Following arrest, media lists Pittsburgh Steelers Coach Joey Porter's past legal trouble but ignore those of the arresting officer | Blogh

Monday, January 9, 2017

Following arrest, media lists Pittsburgh Steelers Coach Joey Porter's past legal trouble but ignore those of the arresting officer

Posted By on Mon, Jan 9, 2017 at 6:19 PM

City Paper File Photo
Joey Porter
By now you've most likely learned that Pittsburgh Steelers outside linebackers coach Joey Porter was arrested Sunday evening following the Steelers' playoff victory over the Miami Dolphins. According to ESPN, the former Steelers player was arrested outside of a bar in the South Side after an altercation with a bouncer and off-duty police officer Paul Abel.

The team has placed Porter on leave during the investigation.

According to ESPN's article and other local publications like the Pittsburgh Tribune Review and Pittsburgh Post Gazette, this isn't Porter's first run in with the law. Porter was arrested under suspicion of drunken driving, assaulting a police officer and resisting arrest in California in 2010. And according to the Trib, "In September 2006, Porter was cited when two of his dogs got loose from his Pine home and killed a miniature horse at a neighbor's farm."

But the articles fail to add that this isn't Pittsburgh Police Officer Abel's first high-profile altercation either. In 2008, Abel was arrested on charges that he pistol-whipped and accidentally shot a man he mistook for someone that he had an altercation with in a bar. He was also allegedly intoxicated and had been driving drunk. While Abel was initially suspended without pay, Judge Jeffrey Manning cleared him of criminal wrongdoing although he said, according to the Post-Gazette that Abel's actions were "inappropriate, imprudent and ill-advised." Even though he was trying to detain the wrong man, Abel said he was trying to make an arrest, not retaliate. Manning said, "It is not the obligation of this court to police the police department." As we're sure you can deduce, Abel went back to work on the police force. The city, however, paid the victim, Kaleb Miller, a $44,500 settlement.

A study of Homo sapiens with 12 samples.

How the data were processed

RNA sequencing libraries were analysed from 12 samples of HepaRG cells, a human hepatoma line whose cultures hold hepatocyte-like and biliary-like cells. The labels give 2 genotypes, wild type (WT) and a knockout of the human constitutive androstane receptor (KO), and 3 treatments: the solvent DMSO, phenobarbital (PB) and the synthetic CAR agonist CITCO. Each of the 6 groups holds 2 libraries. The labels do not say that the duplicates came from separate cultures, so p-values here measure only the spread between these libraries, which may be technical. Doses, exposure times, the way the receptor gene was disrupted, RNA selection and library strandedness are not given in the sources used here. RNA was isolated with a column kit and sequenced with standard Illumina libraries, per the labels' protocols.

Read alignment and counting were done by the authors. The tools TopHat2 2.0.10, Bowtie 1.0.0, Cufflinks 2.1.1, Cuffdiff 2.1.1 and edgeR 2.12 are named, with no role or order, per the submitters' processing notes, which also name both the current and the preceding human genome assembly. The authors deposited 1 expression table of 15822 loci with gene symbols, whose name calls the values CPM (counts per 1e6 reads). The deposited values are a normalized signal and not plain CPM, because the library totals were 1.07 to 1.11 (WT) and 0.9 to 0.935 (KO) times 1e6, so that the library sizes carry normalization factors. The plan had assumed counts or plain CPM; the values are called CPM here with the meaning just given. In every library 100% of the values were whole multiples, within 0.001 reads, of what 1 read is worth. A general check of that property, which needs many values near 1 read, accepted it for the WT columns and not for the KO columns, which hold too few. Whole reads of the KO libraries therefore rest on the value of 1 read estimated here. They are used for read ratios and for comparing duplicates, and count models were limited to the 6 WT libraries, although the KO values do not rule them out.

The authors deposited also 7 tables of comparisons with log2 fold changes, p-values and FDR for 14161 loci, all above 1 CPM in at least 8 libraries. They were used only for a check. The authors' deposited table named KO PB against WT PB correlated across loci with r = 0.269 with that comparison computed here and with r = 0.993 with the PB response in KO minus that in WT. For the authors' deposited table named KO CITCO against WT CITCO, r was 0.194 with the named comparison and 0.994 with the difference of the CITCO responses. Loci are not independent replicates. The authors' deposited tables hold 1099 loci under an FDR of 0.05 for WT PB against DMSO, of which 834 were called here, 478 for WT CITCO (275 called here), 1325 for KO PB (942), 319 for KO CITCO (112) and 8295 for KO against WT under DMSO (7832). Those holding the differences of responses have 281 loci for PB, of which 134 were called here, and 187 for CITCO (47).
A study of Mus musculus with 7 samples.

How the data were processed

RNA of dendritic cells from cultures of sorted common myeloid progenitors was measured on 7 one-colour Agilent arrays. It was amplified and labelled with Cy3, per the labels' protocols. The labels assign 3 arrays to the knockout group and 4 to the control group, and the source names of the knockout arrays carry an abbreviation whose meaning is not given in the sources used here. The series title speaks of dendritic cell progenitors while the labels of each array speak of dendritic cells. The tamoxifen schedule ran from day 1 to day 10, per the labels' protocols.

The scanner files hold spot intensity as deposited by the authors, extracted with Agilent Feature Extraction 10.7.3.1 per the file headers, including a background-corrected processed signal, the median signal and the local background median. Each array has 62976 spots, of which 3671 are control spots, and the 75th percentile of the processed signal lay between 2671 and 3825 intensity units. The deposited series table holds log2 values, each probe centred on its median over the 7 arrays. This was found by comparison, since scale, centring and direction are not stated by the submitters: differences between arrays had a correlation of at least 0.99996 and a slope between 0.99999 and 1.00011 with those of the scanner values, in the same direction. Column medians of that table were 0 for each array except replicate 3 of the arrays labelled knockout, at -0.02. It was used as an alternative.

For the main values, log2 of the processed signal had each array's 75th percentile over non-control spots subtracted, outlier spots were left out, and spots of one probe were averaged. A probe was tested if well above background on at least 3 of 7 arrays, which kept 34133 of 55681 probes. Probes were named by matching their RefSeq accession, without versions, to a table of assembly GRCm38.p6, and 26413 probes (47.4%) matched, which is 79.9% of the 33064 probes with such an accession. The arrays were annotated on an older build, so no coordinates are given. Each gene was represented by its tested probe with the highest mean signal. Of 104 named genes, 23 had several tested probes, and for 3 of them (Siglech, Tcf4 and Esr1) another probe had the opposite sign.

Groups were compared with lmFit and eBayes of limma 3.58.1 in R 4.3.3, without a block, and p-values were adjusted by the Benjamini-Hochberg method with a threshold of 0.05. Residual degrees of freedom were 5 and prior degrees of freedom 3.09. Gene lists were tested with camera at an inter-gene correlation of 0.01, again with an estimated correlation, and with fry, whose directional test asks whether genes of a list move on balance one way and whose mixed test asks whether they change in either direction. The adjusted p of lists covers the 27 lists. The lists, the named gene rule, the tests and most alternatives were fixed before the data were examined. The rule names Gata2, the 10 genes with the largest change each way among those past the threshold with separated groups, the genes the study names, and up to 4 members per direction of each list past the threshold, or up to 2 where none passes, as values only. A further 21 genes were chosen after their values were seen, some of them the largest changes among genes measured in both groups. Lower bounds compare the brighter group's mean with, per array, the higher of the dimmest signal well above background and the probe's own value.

Abel was also the subject of at least three other complaints made to the Pittsburgh Citizens Police review board. One involved Abel's wife alleging that her husband forced her to accuse the grandparents of her children of sexual abuse during a custody dispute. Another involved Abel fighting with his brother-in-law in the hallway of the Allegheny County Courthouse and still another alleged that Abel slammed a man's head into a wall when he asked the officer not to shoot his grandfather with a Taser. No criminal charges have ever been filed in any of the cases.

According to a report filed by Abel in the Saturday incident, the officer attempted to restrain Porter after the Steelers coach lifted Flats on Carson doorman Jon Nesgow off the ground. Abel says Porter than grabbed him by the wrists, after which Abel called for backup and Porter was arrested.

According to the report Abel was wearing a body camera but he didn't turn it on until after he was grabbed by Porter.